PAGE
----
When Manu Ginobili announced his retirement on Monday, the NBA world rightly leapt at the opportunity to proclaim him a future Hall of Famer.
With four rings on his fingers and a gold medal around his neck, Ginobili has more than enough hardware to earn himself a bust in the Basketball Hall of Fame. But even if the Spurs somehow lost every Finals and Argentina didn’t pull that stunning upset at the 2004 Olympics, Ginobili still belongs in Springfield.
Ginobili’s two All-Star appearances don’t do him justice. Ginobili belongs in the same conversation as Kobe Bryant, Dwyane Wade and Allen Iverson when discussing the greatest shooting guards of the 2000s. The difference between Ginobili and those players is that Ginobili was a small dagger in a league full of sledgehammers.
The NBA in the 2000s was dominated by long stretches of hero ball. Just roll out the basketball, put it in Kobe’s hands and let him attack the defense over and over. Ginobili was the player that would kill you slowly—a textbook backdoor cut here, a behind the back pass to Tim Duncan there, and Ginobili would have 15 points and five assists before the half, despite not playing the first six minutes of the game. Like Brad Stevens inserts Marcus Smart into games to cause defensive mismatches, Popovich would unleash Ginobili to create as much offensive havoc as possible. He would use every angle and fit the ball into passing windows the defense didn’t even know were there to generate offense in an era where offense wasn’t at a premium.
Ginobili willingly came off the bench for almost all his career because he knew it was best for the team’s success. If Ginobili wanted to, he could have easily forced a trade to another team and averaged 25 points per game for the majority of his career. Instead, he accepted the role as the NBA’s premier sixth man, sacrificing individual glory to be just another piece for one of the league’s most dominant teams.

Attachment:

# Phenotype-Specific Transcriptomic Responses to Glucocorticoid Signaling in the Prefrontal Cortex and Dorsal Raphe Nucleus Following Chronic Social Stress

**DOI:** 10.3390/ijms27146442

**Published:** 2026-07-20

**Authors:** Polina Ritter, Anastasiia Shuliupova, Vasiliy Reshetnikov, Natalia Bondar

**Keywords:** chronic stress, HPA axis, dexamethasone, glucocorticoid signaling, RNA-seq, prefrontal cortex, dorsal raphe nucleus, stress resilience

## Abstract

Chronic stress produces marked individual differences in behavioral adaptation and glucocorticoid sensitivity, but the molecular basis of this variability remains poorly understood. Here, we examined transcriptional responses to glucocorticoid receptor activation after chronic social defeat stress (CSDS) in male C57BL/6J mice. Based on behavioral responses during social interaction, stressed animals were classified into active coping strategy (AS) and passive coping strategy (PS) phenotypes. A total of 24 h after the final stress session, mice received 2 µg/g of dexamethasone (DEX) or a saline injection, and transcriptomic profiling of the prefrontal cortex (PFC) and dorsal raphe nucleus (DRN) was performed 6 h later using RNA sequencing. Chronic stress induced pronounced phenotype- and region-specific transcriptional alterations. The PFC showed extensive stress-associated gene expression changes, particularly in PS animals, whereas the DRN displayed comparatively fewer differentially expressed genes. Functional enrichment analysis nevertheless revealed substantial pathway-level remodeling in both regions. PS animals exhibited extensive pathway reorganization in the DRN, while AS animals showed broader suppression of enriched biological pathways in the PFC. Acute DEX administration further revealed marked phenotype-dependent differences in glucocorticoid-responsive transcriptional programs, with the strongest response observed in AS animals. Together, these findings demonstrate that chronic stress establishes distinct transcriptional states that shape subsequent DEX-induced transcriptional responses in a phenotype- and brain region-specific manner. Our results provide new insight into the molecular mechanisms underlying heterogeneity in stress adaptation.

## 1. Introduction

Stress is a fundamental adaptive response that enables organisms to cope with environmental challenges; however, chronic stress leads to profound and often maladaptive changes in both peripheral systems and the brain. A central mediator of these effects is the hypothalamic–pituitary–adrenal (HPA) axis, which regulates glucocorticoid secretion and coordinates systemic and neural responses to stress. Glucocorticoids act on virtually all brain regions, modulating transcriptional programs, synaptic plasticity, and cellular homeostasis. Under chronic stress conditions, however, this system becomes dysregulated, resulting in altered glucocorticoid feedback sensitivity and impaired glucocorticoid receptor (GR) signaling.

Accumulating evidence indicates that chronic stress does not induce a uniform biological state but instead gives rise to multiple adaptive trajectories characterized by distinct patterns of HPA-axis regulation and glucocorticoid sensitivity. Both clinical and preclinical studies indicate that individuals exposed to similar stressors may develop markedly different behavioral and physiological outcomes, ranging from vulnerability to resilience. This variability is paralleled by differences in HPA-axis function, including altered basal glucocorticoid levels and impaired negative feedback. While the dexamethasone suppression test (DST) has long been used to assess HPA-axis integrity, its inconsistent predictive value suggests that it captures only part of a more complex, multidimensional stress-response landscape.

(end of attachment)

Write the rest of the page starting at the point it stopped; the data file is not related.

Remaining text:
That isn’t to say that Ginobili couldn’t take over a game by himself on occasion. Look no further than Argentina’s run to glory in 2004. During those eight games, Ginobili was Argentina’s unquestioned leader, averaging 19.3 points. In the semifinal game against Team USA, Ginobili was the best player on the floor in a game that included LeBron James, Tim Duncan and Dwyane Wade. In the gold medal game against Italy, he seamless slipped back into his role as the backup dancer, feeding Luis Scola and (checks notes) Alejandro Ariel Montecchia in a 15-point blowout win.
The three seasons that Ginobili did start the majority of the Spurs’ games he averaged 16 points per game and made two All-Star teams. Still not the eye popping resume some other shooting guards boast, but Ginobili was playing in a system that rewarded grind-it-out defense and had Tim Duncan to lead the charge.
Where Ginobili really shined was during the playoffs. During the 2005 playoffs, Ginobili averaged 20.8 points on .507 percent shooting and collected 5.8 rebounds per game. In his next 88 playoff games, a sample size stretching to 2011, he averaged 18.8 points, 4.8 rebounds and 4.1 assists. In the postseason, Ginobili has a higher VORP than Ray Allen, Allen Iverson and Tracy McGrady.
Perhaps no better moment summarizes Ginobili’s career then the final moments of the Spurs’ 2017 playoff run. With retirement rumors swirling, the home fans chanting his name and Pop asking him if he wanted back in, Ginobili waved him off and placed a towel over his head.
It could have been a great moment, a heartwarming highlight for the ages. The second-best player of the team’s most successful era taking a chance to finally bask in the spotlight. The player that had given up more than anyone else returning the love of the only people who truly knew just how much he sacrificed.
Instead, Ginobili was just fine sitting on the bench once again.
Bryan Lambert is a staff writer for The Daily Campus. He can be reached via email at firstname.lastname@example.org.